A 'Blurry' Line: UN Peacekeeping in the Eastern DRC

Ukrainian helicopter operating in the DRC. Credit:

United Nations Organization Stabilization Mission in the Democratic Republic of the Congo (MONUSCO) peacekeepers have been busy assisting the Congolese brigades over the past week in the fight against rebels known as M23 based in Bunagana. This comes at a crucial time, as the provincial capital of Goma, a military stronghold, may be overrun.

This military cooperation between UN troops and the DRC military, also known under the French acronym of FARDC, has led to international media and NGOs raising concerns about UN peacekeepers and international law, with the biggest question posed being: “has the UN become a ‘party’ to a conflict?”

If it has, it poses a serious problem. However, it is a difficult question to answer.

The UN is not a party to treaties like States are. They also only have partial legal personality with States bearing full legal responsibility. This makes the line very blurry when it comes to the UN and international law.

According to the MONUSCO mandate, it is authorized to “use all necessary means to protect civilians, humanitarian personnel and human rights defenders under imminent threat of physical violence and to support the Government of the DRC in its stabilization and peace consolidation efforts.” What is meant by “support” is open to interpretation.

What is not open to interpretation is that UN peacekeepers in the Eastern DRC are under threat as are the civilians in the area. These military personnel hail from dozens of countries including Special Forces from Guatemala and Jordan and troops from African nations such as Egypt, Ghana, and South Africa. They are currently in fierce battle to protect civilians, with one Indian peacekeeper being killed on 06 July 2012. There have been 43 fatalities since the DRC mission began in 1999.

Formerly known as MONUC, the UN Security Council, by its resolution 1925, renamed the Mission on 01 July 2010 to reflect the new phase reached in the country.

According to 31 May 2012 figures, South Africa contributes 1,220 troops to MONUSCO. They have also been helpful in terms of helicopters, which are an extremely scarce but much needed resource in UN peacekeeping missions. On 18 November 2011, the South African utility helicopter arrived in the Mission area. The Mission also received a huge boost in March 2012 when four Ukrainian Mi-24 attack helicopters arrived in country.

In total, there are over 23,500 MONUSCO personnel, with 17,000 troops under an approved budget of nearly US$1.5 billion dollars (07/2011-06/2012).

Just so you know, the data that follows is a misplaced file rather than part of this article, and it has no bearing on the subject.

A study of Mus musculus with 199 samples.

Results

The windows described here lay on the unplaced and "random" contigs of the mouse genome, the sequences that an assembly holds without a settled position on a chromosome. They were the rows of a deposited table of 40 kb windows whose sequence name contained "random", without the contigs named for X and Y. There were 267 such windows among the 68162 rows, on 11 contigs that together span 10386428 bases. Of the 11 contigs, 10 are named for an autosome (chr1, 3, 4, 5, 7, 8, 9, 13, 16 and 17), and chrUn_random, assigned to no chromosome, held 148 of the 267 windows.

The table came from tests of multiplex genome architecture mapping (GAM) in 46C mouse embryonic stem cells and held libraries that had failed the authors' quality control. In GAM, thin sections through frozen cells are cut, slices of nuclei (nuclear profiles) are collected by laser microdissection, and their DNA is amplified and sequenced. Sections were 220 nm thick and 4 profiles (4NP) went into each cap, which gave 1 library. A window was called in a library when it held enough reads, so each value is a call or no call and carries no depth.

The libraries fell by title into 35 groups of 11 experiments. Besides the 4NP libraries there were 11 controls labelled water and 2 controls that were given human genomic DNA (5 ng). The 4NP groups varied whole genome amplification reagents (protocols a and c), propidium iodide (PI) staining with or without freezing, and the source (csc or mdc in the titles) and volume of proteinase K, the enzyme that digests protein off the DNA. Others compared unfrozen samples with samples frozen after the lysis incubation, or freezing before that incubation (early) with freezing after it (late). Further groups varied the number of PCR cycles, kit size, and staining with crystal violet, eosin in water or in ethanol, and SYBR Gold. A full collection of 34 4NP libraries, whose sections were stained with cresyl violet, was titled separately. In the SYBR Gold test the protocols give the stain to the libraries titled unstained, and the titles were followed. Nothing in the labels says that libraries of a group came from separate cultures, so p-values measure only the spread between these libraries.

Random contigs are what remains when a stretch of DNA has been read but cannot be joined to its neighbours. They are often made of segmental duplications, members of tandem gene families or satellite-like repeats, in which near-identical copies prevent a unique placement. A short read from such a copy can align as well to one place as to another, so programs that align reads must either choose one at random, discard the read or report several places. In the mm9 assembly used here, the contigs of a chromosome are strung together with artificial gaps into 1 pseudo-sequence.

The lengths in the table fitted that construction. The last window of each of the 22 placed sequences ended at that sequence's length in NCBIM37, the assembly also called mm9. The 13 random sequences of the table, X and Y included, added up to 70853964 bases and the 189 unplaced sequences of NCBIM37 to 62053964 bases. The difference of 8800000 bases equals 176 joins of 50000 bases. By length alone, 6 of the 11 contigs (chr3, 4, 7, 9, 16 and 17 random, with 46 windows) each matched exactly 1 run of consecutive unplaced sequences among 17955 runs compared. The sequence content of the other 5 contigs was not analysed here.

Another aspect that makes MONUSCO’s international law and the “parties” to a conflict line even blurrier is the perceived assistance of Rwanda to the M23.

The DRC government has accused Rwanda of supporting M23. This claim is supported by a recent UN sanctions experts panel report that stipulates the fighters and weapons used by M23 are from Rwanda. This is strongly denied by Rwanda.

True or not, MONUSCO recently informed UN headquarters that “the M23 forces appear well equipped, well supplied, they have recently got more troops,” said the UN official speaking to Reuters on 11 July 2012.

The leader of the M23 is former Congolese Army General Bosco (The Terminator) Ntaganda, who is wanted by the International Criminal Court for war crimes. In late March 2012, Ntaganda led a mutiny of 300-600 soldiers following discontent over unpaid wages and poor living conditions. However, on 03 May 2012 Col Sultani Makenga began an apparently separate revolt. Both Ntganda and Makenga were members of Laurent Nkunda’s National Congress for the Defence of the People, a former DRC militia supported by Rwanda, before it was integrated into the FARDC as part of the 23 March 2009 peace agreement, hence the name M23.

The UN High Commissioner for Human Rights, Navi Pillay, previously described M23 as being led by a “particularly notorious group of human rights violators.”


Reports stipulate that the peacekeepers are performing joint military operations with the DRC with the UN using its armed helicopters and armored vehicles for civilian protection purposes aiming aim of impeding the M23 advance. Others say the exact opposite. Erneste Kyaviro, spokesman for North Kivu governor Julien Paluku, feels the troops are not robust enough. Regardless, MONUSCO is the most robust of any current operating UN peacekeeping mission.

It appears that the UN peacekeepers are not acting as combatants. However, the line is not that black and white either. A more detailed understanding of the parameters that regulate the actions of UN peacekeepers would be a worthwhile exercise.

In the meantime, the international community and their troops, including South Africa’s, should be applauded for the valuable work in protecting tens of thousands of civilians as part of their right as a UN peacekeeping operation.


Note: Scott Firsing is the current Bradlow Fellow at the South African Institute for International Affairs studying Africa’s militaries in peacekeeping and peacebuilding: the case studies of Nigeria, Ethiopia and Rwanda.



Scott Firsing

Dr. Scott Firsing, an American residing in South Africa, is an expert on US-Africa relations. He is the Director of the North American International School (NAIS) in Pretoria, an Adjunct Research Fellow at Monash University, South Africa, an Executive at the Aerospace Leadership Academy and CEO of LINK Advisory, a consultancy helping American businesses enter Africa. Also a founder of the African NGO Young People in International Affairs, Scott is the former Head of International Studies at Monash, a former employee of the United Nations, Department for Disarmament Affairs, and a former fellow at the South African Institute of International Affairs (SAIIA).